Key credits: “The Ref,” “Beautiful Girls,” “Jesus’ Son”
Connection: Kimmel and director Bennett Miller worked together in 2003 on commercials, but they first met when Miller attended a screening of “Jesus’ Son.” “Bennett was a fan of my work from that point forward,” says the d.p.
Equipment: Kimmel used the Panavision Moviecam Compact, a workhorse camera. “It was basically a simple one-camera movie, but my choice was mainly driven by finding something that could take Cooke S4 lenses,” he says. Kimmel shot with a number of film stocks, but most extensively with the relatively new Vision2 Expression 5229, “a very different look from Kodak, with less color and less contrast, that provided a desaturated, softer contrast that I thought would work for a period film.”
Challenge: The shoot took place in Winnipeg, Canada, bringing ample financial incentives, “but it was a major challenge to make a film in 31 days during the latter part of the year with natural light available for only 7½ hours a day,” says Kimmel. Exteriors had to be shot early in the day, before the onset of darkness.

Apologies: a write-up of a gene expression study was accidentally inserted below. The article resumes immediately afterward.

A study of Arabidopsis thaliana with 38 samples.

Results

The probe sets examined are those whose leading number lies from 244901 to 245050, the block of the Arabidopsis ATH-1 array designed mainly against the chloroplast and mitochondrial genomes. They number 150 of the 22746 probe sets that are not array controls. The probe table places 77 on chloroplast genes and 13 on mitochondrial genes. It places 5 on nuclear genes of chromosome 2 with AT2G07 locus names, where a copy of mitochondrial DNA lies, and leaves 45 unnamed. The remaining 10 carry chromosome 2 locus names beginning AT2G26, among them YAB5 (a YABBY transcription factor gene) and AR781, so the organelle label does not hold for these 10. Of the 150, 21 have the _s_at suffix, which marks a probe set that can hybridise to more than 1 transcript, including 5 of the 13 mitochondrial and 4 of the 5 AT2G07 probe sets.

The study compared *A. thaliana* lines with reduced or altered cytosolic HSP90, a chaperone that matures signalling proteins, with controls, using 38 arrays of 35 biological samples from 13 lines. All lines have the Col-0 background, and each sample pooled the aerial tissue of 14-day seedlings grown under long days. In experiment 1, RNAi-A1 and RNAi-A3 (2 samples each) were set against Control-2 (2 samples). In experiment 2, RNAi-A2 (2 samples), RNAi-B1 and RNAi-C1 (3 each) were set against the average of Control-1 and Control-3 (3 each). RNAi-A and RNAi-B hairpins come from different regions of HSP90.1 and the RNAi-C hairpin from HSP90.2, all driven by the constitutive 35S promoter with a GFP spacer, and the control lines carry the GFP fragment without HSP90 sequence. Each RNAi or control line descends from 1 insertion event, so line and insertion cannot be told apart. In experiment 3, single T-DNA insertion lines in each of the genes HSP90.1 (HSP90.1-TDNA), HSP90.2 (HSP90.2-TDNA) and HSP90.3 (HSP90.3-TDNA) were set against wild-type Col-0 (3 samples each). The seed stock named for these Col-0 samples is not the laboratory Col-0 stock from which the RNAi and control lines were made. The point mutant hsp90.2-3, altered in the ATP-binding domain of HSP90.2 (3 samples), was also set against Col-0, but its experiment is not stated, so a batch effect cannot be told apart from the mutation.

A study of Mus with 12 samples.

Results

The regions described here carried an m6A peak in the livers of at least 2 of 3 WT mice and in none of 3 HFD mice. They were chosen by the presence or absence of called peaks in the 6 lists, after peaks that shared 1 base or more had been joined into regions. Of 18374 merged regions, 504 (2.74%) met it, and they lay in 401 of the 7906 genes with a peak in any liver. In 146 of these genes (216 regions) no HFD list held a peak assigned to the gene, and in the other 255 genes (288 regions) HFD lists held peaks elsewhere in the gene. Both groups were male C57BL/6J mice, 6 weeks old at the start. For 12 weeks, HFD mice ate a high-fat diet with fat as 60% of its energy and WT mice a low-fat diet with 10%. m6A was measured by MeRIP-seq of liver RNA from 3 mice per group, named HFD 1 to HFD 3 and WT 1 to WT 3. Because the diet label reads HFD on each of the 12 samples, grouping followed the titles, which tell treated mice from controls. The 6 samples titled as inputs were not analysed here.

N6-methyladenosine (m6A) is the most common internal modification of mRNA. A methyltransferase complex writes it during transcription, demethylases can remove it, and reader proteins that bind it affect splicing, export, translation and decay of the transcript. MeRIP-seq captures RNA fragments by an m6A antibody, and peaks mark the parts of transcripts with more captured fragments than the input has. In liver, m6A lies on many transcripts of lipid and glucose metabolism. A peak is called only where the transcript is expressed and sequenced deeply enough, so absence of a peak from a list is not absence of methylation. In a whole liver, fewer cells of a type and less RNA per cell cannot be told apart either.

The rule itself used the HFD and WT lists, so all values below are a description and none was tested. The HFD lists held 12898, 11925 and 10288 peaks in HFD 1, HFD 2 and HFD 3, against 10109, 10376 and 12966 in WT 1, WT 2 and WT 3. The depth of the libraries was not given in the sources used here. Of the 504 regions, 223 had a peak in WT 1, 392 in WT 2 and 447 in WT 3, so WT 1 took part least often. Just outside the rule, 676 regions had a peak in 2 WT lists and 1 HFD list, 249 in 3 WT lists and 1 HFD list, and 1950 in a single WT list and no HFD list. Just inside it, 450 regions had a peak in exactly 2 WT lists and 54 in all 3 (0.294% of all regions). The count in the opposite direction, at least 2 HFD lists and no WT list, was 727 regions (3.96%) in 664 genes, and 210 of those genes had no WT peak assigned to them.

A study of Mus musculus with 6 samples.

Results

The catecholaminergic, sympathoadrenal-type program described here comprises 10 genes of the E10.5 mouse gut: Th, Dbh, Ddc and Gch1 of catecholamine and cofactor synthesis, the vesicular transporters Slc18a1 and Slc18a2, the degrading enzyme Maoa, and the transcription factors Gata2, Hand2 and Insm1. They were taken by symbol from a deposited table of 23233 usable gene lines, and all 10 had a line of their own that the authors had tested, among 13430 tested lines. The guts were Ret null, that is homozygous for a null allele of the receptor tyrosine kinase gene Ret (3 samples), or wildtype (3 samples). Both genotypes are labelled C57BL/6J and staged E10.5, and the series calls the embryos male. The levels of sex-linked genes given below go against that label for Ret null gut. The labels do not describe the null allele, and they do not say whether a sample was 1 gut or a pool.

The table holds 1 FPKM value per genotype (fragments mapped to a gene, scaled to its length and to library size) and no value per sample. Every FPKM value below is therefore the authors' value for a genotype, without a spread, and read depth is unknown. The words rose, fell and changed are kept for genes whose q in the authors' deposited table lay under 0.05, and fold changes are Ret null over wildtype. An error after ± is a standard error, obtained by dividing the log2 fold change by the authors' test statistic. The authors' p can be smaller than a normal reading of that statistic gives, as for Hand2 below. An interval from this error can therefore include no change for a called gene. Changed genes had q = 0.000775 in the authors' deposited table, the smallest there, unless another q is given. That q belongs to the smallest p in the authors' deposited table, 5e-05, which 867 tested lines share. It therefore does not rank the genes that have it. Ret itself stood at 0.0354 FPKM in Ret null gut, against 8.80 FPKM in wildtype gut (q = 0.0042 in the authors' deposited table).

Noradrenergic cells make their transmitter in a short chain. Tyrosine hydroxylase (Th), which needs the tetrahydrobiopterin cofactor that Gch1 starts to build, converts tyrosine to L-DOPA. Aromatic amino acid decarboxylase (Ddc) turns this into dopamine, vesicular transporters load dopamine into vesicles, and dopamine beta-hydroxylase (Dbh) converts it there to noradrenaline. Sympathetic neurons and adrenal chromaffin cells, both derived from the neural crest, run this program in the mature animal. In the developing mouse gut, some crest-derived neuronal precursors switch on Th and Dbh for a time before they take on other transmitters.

Setback and solution: The plan for an elaborate red-carpet shoot of the premiere of “To Kill a Mockingbird” fell through. “We had picked a train station, which was very expensive, and would have required a lot of rigging for five or six hours of shooting,” he says. “We didn’t want to lose the scene, which showed Truman, at an event that wasn’t about him, with this insatiable need for attention.” After what was already a three-location day of shooting with everyone exhausted, Kimmel asked the producers to give him one more hour. “I shot it on the steps of the hotel where everyone was staying. We were down to the last eight flashbulbs allowed in the budget, and fired three or four for each of two takes and got just what we wanted — in an hour.”
Creative mantra: “I’m finding the balance between intense preparation and preconception and being able to walk in and watch the actors, often finding something that I hadn’t anticipated.”
Upcoming: Kimmel is weighing three possible projects, but so far hasn’t signed on any dotted line. ” ‘Capote’ set the bar pretty high,” he observes.